There are always many concerns on the minds of those who serve low-income and at-risk populations. Working with individuals and families who struggle with poverty, gives us a close-up view of the hardships they face each day.
When people can make their way out of poverty, they’re filled with a sense of accomplishment and pride.
When a person earns a living wage, their income positively impacts not only that individual and their family, it also helps the community. They provide a workforce to employers, sometimes they even become business owners themselves, and they purchase local goods and services.
People often need help to arrive at a place of self-sufficiency. Life isn’t always easy. A job loss can plunge a working family into economic distress. Those who come from a background of generational poverty need guidance and mentors who can help steer them toward training, education and opportunities to break the cycle of poverty. community action agencies (CAAs) are unique agencies in their communities, each overseen by a tri-partite governing board that represents public, private, and low income stakeholders. While each agency may vary in size and scope, they all share a common mission of fighting poverty and promoting self-sufficiency at the community level.
For the second year, the Trump administration proposes to eliminate all funding for the community services block grant (CSBG), threatening the existence of about 1,000 local CAAs that serve approximately 16 million low-income people every year, in 99 percent of the counties in the United States. CAAs are locally controlled and use their CSBG grants to develop extensive community partnerships, identify pressing local needs, and mobilize public and private resources to meet those needs. CAAs are creative and fill service gaps, and they ensure cost-efficient use of funds on behalf of their communities. Local agencies are nimble and respond quickly to emergencies, including short-term and long-term crises.
During the recent Northern California wildfires, CSBG funds helped to establish California Human Development’s One-stop Wildfire Relief and Resource Center in Santa Rosa. CSBG funds were crucial in the development of the center and helped us leverage additional funds from state and private funders.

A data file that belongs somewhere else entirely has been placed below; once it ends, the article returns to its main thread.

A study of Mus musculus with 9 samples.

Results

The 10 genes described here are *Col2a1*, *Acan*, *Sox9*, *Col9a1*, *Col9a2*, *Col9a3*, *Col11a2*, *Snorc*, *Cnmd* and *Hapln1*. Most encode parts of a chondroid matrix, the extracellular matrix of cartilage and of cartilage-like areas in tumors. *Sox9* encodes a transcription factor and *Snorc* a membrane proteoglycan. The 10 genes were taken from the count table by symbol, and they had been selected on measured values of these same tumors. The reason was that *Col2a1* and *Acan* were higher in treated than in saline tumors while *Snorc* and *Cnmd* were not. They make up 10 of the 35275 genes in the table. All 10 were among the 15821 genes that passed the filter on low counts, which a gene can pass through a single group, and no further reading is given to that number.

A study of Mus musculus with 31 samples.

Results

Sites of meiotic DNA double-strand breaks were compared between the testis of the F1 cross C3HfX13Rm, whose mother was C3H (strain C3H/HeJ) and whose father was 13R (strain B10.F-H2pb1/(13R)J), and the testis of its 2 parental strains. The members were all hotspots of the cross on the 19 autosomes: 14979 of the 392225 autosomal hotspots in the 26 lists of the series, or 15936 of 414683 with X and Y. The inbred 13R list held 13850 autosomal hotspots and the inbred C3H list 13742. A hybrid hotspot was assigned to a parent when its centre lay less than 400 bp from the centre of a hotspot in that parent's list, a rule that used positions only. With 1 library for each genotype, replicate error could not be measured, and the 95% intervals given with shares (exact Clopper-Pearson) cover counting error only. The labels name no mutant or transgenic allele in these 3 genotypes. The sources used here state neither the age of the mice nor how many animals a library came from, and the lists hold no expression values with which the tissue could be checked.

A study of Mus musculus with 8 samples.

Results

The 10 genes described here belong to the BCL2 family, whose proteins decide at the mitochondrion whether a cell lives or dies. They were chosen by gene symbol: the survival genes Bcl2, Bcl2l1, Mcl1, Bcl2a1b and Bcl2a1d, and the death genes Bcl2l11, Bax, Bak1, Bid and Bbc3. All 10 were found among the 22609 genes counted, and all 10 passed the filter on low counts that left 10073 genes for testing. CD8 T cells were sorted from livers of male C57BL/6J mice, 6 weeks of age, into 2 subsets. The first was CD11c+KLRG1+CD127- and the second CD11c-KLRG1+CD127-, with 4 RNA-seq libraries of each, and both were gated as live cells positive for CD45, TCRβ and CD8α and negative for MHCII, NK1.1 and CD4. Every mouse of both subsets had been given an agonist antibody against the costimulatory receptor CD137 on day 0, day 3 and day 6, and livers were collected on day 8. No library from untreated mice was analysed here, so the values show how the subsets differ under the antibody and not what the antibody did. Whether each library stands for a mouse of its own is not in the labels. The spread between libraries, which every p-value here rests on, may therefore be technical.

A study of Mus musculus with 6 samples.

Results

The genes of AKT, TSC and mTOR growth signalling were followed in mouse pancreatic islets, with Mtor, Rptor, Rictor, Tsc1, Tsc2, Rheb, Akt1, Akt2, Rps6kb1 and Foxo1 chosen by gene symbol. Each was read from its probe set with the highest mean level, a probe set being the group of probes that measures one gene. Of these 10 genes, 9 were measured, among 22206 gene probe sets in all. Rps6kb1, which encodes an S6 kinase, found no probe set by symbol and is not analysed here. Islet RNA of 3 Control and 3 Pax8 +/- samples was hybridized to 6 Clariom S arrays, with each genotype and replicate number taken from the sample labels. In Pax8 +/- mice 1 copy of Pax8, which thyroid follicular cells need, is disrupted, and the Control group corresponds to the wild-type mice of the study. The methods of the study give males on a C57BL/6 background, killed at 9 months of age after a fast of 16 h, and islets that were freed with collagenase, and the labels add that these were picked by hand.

As of April 30, so far we have served 1,361 families and 4,410 individuals, including 1,836 children who were affected by the fires. Bilingual case managers assess each fire survivor’s needs and work to find resources to meet those needs. Some needs are met in-house when funding is available such as rental and deposit assistance, gift cards for food, clothing replacement assistance, tool replacement, and costs of document replacement. When a survivor’s needs can’t be met through CHD’s resources, case managers refer them to other agencies and look to other community resources when they are available. Grief support is offered on-site in Spanish and English through partnerships with local mental health providers.
Six months out from the wildfires, affected survivors are still struggling financially and emotionally with the fallout from the fires, and we continue to work with other agencies in our community to find ways to meet the ongoing needs of clients.
Another pressing issue that’s on the minds of our community is Deferred Action for Childhood Arrivals (DACA). DACA is an immigration option for undocumented immigrants who came to the United States before the age of 16. Although DACA doesn’t provide a pathway to lawful permanent residence, it does provide work authorization, the ability to apply for a social security number, and temporary protection from deportation,
Anita Maldonado is the CEO of California Human Development, a nonprofit with offices in Santa Rosa. It states it is “dedicated to waging the War on Poverty for over 50 years,” Today CHD serves 25.000 people of low income a year in 31 northern California counties.